24 February 2006 17:01 [Source: ICIS news]
By Nigel Davis
LONDON (ICIS news)--At times it seems the chemical industry is continually frustrated in its campaign to win greater trust from regulators and the general public. Moves to drive ahead with a more environmentally friendly and socially aware agenda, actively pursued by some but by no means all producers, are so easily undermined.
Yet despite some of the gripes even the most forward-looking companies can be pleased with recent global progress. There is clearer evidence that where there is a will a way will be found to push ahead with change in what is often considered to be a slow moving sector.
At the start of the month, the United Nations (UN) held its flagship global chemicals management meeting, SAICM, where nations finally agreed to develop a new framework for global chemicals control. The industry was active on the sidelines in Dubai re-launching its Responsible Care initiative and emphasising the growing importance of product stewardship.
It has become increasingly clear that important industry customers, as well as regulators and the general public, want companies to take more responsibility for their products. The notion that a firm’s responsibilities ends at the factory gate has rapidly become outmoded.
But the idea of product stewardship has yet to take hold. The chemical industry, working increasingly at the global level, has taken the opportunity to build product stewardship into a re-vamped Responsible Care. The Global Product Strategy (GPS) was launched quietly in 2004 but has come to represent an umbrella campaign that encompasses other global industry projects including the high production volume chemicals (HPV) and long range research initiative (LRRI).
If it works, GPS will demonstrate more forcibly that chemical companies care not just about how they run their businesses but about the products they make – and how they are used.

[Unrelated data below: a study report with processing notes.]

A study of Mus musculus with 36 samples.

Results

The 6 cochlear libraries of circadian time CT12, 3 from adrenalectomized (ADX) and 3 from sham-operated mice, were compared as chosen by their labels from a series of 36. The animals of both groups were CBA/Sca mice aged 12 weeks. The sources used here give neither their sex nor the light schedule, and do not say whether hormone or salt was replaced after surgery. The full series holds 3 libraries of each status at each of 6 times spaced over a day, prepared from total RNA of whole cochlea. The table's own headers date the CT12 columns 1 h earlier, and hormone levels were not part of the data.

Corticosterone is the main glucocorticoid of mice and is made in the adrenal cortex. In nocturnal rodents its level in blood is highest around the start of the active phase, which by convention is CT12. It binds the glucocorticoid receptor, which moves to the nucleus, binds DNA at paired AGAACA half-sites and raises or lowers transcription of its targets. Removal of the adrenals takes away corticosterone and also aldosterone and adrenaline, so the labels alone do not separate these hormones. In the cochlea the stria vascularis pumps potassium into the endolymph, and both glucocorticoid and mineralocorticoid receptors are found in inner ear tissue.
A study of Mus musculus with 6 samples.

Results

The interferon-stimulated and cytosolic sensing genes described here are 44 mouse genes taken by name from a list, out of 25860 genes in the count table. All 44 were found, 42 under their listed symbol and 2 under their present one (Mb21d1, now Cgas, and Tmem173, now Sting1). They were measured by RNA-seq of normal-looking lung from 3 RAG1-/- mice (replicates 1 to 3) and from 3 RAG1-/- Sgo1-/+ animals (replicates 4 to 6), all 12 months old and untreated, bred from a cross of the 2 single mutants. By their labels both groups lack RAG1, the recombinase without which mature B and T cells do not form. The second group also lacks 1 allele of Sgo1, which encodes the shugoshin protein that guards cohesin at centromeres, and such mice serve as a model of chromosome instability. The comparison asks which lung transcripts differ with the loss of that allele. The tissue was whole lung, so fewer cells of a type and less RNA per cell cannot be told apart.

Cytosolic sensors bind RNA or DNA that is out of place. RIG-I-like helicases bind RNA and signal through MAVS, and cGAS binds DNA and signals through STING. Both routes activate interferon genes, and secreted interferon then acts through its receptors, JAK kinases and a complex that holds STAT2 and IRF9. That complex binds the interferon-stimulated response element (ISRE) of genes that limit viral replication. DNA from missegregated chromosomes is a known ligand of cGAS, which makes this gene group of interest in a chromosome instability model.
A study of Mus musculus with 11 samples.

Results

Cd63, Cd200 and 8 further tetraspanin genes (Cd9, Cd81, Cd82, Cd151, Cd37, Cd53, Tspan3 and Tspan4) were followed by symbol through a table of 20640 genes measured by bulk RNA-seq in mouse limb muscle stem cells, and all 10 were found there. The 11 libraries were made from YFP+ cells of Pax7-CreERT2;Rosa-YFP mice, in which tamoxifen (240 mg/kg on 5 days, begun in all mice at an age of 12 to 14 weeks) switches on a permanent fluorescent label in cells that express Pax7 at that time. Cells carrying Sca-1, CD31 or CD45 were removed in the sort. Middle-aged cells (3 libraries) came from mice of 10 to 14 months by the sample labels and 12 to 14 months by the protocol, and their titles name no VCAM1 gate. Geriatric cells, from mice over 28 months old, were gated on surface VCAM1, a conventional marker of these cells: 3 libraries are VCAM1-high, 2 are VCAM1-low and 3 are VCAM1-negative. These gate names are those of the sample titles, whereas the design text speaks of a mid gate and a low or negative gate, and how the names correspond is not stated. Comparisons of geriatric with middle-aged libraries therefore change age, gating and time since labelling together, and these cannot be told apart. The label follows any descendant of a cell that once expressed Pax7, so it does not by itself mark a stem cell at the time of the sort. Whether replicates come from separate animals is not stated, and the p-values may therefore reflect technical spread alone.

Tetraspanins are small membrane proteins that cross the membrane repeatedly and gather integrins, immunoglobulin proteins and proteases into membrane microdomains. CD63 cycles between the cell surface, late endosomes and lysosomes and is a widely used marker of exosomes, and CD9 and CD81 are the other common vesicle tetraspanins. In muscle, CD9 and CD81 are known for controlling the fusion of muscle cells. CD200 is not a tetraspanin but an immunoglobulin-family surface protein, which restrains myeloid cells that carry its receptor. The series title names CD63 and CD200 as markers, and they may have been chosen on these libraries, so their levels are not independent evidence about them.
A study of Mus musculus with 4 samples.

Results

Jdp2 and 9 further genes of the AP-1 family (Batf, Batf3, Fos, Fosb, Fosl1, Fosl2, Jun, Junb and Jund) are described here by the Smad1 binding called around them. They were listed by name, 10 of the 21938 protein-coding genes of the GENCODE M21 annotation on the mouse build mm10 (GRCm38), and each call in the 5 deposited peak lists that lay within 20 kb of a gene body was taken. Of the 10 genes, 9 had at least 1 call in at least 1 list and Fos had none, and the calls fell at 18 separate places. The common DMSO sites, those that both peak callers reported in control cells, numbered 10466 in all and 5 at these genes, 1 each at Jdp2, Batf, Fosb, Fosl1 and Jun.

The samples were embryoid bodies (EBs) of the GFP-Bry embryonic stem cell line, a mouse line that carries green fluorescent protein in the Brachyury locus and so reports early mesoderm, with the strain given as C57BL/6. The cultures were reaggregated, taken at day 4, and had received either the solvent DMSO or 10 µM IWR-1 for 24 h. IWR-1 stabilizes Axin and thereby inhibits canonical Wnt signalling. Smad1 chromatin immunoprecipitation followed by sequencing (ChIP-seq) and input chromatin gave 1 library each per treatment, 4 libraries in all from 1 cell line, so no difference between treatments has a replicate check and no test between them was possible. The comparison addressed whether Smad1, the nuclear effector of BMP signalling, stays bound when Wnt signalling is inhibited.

Soon producers in Europe and sellers into the region will have to address these issues under the European Unions (EU’s) Reach regulations. Reach, it should be remembered covers the registration, evaluation and authorisation of chemicals. Under its rules companies will be forced to address product uses and product chains in much more detail. Key elements of the GPS include help with learning from best practices in the chemicals and chemical consuming industries.
Two years ago the ICCA (the International Council of Chemical Associations) expressed concern that the industry was not making progress on product stewardship. That the GPS has been born out of a revamped Responsible Care illustrates the impetus behind both initiatives.
The more forward-looking companies are driving the agenda hard, of that there is little doubt, but there is broader support. The industry can only convince other industrial players in the value chain of the benefits of closer product monitoring if they understand the benefits themselves.
The industry should be heartened too that the GPS has won support at the highest levels. UN secretary general, Kofi Annan, in Dubai commended the GPS and the Responsible Care initiatives calling them “inspiring models of self-regulation that other industries should consider following”.
The industry geared up for Dubai and came up with the goods so the challenge now is to maintain the momentum and make GPS work. Time was when companies thought product stewardship was too difficult really to get to grips with. Now the intention is to produce an over-arching product stewardship management system for use in the sector. The timetable suggests this can be launched in 2006. The sector owes it to its stakeholders to ensure the launch date is achieved.